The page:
February is American Heart Month and this is the time we can learn and raise
awareness for self-care for heart health. From eating right to staying active, there are plenty of ways you can show your heart you care. However, when it comes to the workplace there are two ways to show your employees that you care about their hearts as well; training them in CPR and having automated defibrillators (AEDs) easily accessible. Immediate CPR can help the chances of survival, however, conducting both CPR and using the AED can double or triple the chances of survival. When someone goes into cardiac arrest, time is limited and typically you have to wait for medical services. This is why conducting CPR and using the AED right away can save a life. The AED is also lightweight, portable, battery-operated, safe, and easy to use therefore many employees can be trained. Additionally, a heart rhythm in ventricular fibrillation may only be restored to normal by an electric shock.
Here are a few success stories published by the American Heart Association on AEDs in the workplace:
A 41-year-old worker at a manufacturer of heating and air-conditioning systems suffered a sudden cardiac arrest at work. After three shocks and CPR, he was revived within 4 minutes. Fortunately, his company had AEDs and trained responders. By the time EMS personnel arrived, he had been resuscitated and was moved to a hospital. The employee survived.
A 62-year-old employee of a coatings, glass, and chemical manufacturer suffered a sudden cardiac arrest after walking up the stairs to her office. Employees in the next office heard her fall and notified the plant emergency response team. She was defibrillated and saved in less than 2 minutes. EMS personnel then arrived to transport her to the hospital. She sent a note to the company after her discharge from the hospital saying she had "no doubt that headquarters spent money wisely."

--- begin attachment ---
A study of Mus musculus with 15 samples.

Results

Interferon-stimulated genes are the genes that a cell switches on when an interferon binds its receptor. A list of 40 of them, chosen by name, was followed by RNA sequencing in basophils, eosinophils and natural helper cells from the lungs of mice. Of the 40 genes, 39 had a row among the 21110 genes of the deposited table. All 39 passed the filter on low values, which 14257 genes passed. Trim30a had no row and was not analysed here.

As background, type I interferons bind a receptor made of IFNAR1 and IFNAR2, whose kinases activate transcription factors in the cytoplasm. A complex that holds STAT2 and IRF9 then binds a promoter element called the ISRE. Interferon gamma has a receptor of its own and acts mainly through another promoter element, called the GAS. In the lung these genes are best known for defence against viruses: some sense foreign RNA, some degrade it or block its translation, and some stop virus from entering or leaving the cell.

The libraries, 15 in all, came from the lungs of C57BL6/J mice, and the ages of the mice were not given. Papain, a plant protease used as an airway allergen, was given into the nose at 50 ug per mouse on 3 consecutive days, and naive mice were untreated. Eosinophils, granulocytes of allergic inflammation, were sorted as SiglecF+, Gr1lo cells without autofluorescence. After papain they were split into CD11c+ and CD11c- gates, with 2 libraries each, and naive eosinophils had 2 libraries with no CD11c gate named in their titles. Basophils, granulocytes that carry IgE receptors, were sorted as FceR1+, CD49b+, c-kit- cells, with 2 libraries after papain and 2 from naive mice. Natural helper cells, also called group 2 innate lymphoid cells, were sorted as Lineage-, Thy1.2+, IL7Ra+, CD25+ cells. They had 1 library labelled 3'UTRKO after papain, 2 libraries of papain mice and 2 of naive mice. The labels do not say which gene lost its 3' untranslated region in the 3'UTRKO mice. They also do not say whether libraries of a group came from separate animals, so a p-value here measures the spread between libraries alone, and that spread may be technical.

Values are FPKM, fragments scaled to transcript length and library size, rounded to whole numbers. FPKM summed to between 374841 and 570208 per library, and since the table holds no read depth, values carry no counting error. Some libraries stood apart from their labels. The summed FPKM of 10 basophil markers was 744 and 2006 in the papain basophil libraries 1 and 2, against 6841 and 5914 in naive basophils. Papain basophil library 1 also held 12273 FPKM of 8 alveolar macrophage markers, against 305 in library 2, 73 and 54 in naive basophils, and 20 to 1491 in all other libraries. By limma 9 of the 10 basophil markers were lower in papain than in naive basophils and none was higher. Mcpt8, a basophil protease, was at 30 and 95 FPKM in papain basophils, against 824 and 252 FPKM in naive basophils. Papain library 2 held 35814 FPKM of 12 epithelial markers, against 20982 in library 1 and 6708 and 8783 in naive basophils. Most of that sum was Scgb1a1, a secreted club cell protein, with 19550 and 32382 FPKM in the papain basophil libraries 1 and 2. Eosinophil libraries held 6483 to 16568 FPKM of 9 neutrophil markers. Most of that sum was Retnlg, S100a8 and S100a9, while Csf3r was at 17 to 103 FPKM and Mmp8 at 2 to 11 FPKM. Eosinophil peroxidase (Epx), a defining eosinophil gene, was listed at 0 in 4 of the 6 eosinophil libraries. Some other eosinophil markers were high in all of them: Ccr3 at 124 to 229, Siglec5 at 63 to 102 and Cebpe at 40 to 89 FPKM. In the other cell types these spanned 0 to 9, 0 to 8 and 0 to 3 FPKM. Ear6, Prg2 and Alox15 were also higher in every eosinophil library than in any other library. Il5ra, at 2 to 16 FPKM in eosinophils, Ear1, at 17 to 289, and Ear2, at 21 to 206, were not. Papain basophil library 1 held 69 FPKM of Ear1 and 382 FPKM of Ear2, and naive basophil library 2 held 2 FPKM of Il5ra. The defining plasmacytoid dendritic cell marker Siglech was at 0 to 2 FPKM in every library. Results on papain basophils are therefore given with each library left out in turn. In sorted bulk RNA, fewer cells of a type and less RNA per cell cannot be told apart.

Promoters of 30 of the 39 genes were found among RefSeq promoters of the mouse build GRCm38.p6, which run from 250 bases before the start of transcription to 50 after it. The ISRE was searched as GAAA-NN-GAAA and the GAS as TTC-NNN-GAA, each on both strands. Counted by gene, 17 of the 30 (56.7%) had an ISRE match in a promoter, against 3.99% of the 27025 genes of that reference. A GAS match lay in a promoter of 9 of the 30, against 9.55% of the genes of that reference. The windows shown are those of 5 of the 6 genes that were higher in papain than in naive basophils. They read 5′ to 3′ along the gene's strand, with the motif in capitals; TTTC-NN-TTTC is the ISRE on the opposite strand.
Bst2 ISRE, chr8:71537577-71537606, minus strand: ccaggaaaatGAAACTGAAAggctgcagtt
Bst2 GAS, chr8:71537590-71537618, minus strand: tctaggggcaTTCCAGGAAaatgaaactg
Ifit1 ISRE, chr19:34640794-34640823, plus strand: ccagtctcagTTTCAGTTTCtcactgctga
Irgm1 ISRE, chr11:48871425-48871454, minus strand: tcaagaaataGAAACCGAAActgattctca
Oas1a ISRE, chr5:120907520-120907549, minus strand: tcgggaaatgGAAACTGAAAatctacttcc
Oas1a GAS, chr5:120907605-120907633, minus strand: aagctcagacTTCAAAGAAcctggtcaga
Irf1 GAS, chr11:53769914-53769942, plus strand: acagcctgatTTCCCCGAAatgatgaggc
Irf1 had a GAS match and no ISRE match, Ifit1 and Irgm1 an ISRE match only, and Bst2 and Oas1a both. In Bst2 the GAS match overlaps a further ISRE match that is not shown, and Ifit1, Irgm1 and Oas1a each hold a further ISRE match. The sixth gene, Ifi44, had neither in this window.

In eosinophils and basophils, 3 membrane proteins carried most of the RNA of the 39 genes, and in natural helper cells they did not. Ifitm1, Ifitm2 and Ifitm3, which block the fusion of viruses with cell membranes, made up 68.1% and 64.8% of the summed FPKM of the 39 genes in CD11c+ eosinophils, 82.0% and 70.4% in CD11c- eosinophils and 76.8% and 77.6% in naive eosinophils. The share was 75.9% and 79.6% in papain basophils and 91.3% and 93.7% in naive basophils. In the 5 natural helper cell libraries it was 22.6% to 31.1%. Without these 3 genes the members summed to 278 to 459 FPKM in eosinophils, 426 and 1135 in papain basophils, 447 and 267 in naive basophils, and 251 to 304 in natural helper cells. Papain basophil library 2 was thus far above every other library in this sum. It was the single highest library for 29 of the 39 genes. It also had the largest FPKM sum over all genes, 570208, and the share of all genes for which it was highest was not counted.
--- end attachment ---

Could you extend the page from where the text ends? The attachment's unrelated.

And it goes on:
An employee at an automobile manufacturer was working on the production line when he suddenly collapsed, lost consciousness, and stopped breathing. Plant security responded, and after two shocks with an AED, the employee's heart responded and his pulse returned. He's alive today thanks to the fast actions of his co-workers and the company's emergency response plan, which included AED installation and training.
NIOSH also tells a success story relating to a workplace accident:
While standing on a fire escape during a building renovation, a 30-year-old construction worker was holding a metal pipe with both hands. The pipe contacted a high voltage line, and the worker instantly collapsed. About 4 minutes later, a rescue squad arrived and began CPR. Within 6 minutes the squad had defibrillated the worker. His heartbeat returned to normal and he was transported to a hospital. The worker regained consciousness and was discharged from the hospital within 2 weeks.
Installing an AED in your workplace along with training employees on its use and CPR is one of the simplest ways to take a proactive approach to employee heart health. This easy decision could potentially save lives.